Things are different now for Carli Lloyd.

The Delran native’s time is now filled by opportunities she often didn’t have as a player: commercial sponsorship deals, tryouts as a broadcaster, and invitations to be a big name at major sports events.

There’s also one other opportunity Lloyd has gotten that isn’t as high-profile as some of the others but could have the biggest impact.

Last month, Lloyd bought a small ownership stake in Gotham FC, the northern New Jersey-based National Women’s Soccer League team where she spent her final years on the field.

In doing so, Lloyd became the latest former U.S. women’s national team star to join a NWSL team’s ownership suite, on the opposite coast from the many who hold shares in Los Angeles’ Angel City FC.

It’s a testament to the NWSL’s stability and growth that investing in the league’s clubs is seen as good business, not just good principle. But it’s also a testament to the fact that professional women’s soccer players now earn enough money that they have resources to invest, after decades of low pay across multiple leagues.

“I don’t think that this would have been an opportunity, you know, even two, three years ago, definitely not five years ago,” Lloyd told The Inquirer at this week’s Philadelphia Sports Writers Association dinner, where she was one of the featured speakers.


The work done by the NWSL, its players, fans, and sponsors has produced significant progress this year: not just deep-pocketed expansion teams in Los Angeles and San Diego, but the first collective bargaining agreement for a U.S. pro women’s soccer league.

NWSL Players Association executive director Meghann Burke and new NWSL commissioner Jessica Berman ceremonially signed the new CBA on live TV at Angel City’s regular season opener last Friday, and the union published the full text of the document on its website this week.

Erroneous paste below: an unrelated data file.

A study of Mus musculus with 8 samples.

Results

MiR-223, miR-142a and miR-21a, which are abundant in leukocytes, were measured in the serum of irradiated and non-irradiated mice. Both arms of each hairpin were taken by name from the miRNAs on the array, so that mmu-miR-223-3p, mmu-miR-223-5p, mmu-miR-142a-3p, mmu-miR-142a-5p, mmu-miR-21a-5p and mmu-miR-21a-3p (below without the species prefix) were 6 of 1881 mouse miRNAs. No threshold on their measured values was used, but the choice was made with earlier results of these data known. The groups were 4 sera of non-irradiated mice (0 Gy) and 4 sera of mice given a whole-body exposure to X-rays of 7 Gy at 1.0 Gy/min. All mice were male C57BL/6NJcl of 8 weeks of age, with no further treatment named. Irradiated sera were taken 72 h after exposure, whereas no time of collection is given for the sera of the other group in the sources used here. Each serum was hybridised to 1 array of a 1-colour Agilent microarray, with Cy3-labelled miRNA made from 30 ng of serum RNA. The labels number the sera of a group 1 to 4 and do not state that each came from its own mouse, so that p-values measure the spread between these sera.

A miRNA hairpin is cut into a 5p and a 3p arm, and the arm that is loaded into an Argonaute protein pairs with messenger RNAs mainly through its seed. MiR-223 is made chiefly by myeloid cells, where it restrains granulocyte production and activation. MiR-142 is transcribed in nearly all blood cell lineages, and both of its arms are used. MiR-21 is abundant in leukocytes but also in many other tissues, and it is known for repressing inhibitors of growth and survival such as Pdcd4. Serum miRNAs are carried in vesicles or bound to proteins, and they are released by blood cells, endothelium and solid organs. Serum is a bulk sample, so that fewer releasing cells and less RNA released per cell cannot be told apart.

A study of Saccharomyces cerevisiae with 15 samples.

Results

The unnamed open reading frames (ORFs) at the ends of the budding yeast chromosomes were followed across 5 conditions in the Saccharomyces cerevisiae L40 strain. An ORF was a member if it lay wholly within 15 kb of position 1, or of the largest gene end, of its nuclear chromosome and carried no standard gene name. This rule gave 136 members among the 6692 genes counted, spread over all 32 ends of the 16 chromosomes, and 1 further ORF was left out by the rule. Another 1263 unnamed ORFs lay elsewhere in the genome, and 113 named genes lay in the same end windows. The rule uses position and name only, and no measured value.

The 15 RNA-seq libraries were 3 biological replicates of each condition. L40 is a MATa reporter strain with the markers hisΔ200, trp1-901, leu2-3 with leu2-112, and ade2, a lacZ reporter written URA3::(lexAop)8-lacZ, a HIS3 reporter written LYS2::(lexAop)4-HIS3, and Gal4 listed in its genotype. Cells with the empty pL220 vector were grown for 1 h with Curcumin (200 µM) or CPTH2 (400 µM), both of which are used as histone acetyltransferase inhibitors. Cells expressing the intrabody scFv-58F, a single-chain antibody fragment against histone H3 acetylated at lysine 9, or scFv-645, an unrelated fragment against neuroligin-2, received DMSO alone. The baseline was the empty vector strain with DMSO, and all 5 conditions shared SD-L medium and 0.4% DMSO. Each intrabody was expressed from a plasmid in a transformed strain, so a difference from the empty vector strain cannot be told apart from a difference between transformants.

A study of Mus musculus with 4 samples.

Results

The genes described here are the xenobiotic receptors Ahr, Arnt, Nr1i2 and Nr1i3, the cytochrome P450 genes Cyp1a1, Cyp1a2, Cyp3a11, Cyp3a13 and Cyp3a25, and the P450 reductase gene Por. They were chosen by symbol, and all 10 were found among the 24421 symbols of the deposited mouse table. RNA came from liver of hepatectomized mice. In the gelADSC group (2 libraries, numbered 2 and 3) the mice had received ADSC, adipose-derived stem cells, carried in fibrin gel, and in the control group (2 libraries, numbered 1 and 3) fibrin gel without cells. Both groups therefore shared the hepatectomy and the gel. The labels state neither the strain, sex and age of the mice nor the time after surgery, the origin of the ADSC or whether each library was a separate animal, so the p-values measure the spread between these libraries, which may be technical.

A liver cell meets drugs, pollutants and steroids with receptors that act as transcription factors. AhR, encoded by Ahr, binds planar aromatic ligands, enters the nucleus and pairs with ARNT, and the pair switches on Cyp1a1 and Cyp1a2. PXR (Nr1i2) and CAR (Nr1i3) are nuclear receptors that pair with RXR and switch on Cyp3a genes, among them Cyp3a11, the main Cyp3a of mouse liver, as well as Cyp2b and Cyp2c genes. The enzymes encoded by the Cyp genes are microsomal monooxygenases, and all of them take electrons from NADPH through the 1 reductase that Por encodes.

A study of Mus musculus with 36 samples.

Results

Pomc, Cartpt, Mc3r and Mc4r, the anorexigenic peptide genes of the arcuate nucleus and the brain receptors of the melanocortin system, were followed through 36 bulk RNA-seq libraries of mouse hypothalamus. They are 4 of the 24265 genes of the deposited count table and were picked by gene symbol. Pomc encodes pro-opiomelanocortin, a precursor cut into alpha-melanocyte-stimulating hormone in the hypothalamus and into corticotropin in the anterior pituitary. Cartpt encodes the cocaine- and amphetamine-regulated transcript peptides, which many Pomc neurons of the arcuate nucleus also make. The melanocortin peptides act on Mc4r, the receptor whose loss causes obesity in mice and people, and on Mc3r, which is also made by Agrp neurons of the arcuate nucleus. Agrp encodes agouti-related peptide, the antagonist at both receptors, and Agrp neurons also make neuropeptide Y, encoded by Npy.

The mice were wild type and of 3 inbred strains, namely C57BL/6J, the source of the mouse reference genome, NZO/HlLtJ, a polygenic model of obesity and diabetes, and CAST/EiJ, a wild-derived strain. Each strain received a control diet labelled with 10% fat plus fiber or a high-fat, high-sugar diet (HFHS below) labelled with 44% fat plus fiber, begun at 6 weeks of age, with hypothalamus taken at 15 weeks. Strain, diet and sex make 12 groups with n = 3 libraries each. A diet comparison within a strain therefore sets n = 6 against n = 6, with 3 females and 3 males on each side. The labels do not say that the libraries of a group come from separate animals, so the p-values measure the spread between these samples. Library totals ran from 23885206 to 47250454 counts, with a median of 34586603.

Highlights of the deal include big increases in salaries, a path to free agency, mandates for stadium quality, and medical benefits including up to six months of paid mental health leave.

“Obviously the league’s been been around for for a number of years, but I think we’re now just really starting to see a league the way that it’s supposed to be” said Lloyd, whose 13-year pro career began in 2009 in the former Women’s Professional Soccer league.

“All of these negative things that have happened in the last several years within the NWSL have been really unfortunate and extremely disappointing and sad, but it’s also given the league and owners and teams the ability to make things way better, as they should,” she said. “And you’re seeing the expansion teams — Angel City, San Diego — come in, and they’re pushing so many other teams to be better.”

Gotham raised its game in part by hiring a new general manager, Yael Averbuch West, who played professionally for nine years and was a stalwart of the NWSLPA. She ended up involved in the discussions to bring Lloyd into an ownership group that includes New Jersey Gov. Phil Murphy and his wife Tammy (the club’s chairperson), Ed Nalbandian, and Steven Temares.

Lloyd will be not just a part-owner of the team, but a consultant and ambassador to help with the ever-needed work of marketing and growing awareness on the jam-packed New York sports scene.

“I just feel like I had more to give, even though it won’t be on the soccer fields,” she said. “It just made sense — my home club, I played there, I believe in the direction that it’s going in. It’s getting better and better, and I want to just help play a role in in making it one of the best clubs in the country.”

As for the other opportunities Lloyd has had, they don’t come much bigger than what she’s done the last few weeks: studio analysis for Fox Sports, a visit to ESPN’s booth at the U.S. team’s recent game in Chester, and being an on-stage presence at the men’s World Cup draw and the NFL draft.


“I don’t think you could get much bigger than the FIFA men’s World Cup draw,” she said. “Talk about a very nerve-wracking experience, a live show, having to rehearse three or four different times, not having any experience whatsoever in doing that. But I feel like I was able to do that, and now I just feel so much more confident doing other things.”

Announcing the Eagles’ second-round draft pick in Las Vegas, she said, “was a lot more relaxed environment.” And it came with a familiar comfort of home.

“It was good to see some Eagles fans there chanting, and after the pick was made, you heard the whole crowd booing,” she said. “But that’s what Philly does to everybody. You either love them or hate them — they’re the best fans in the world. They’re the most brutal fans to play for, but they’re the most real fans, and passionate.”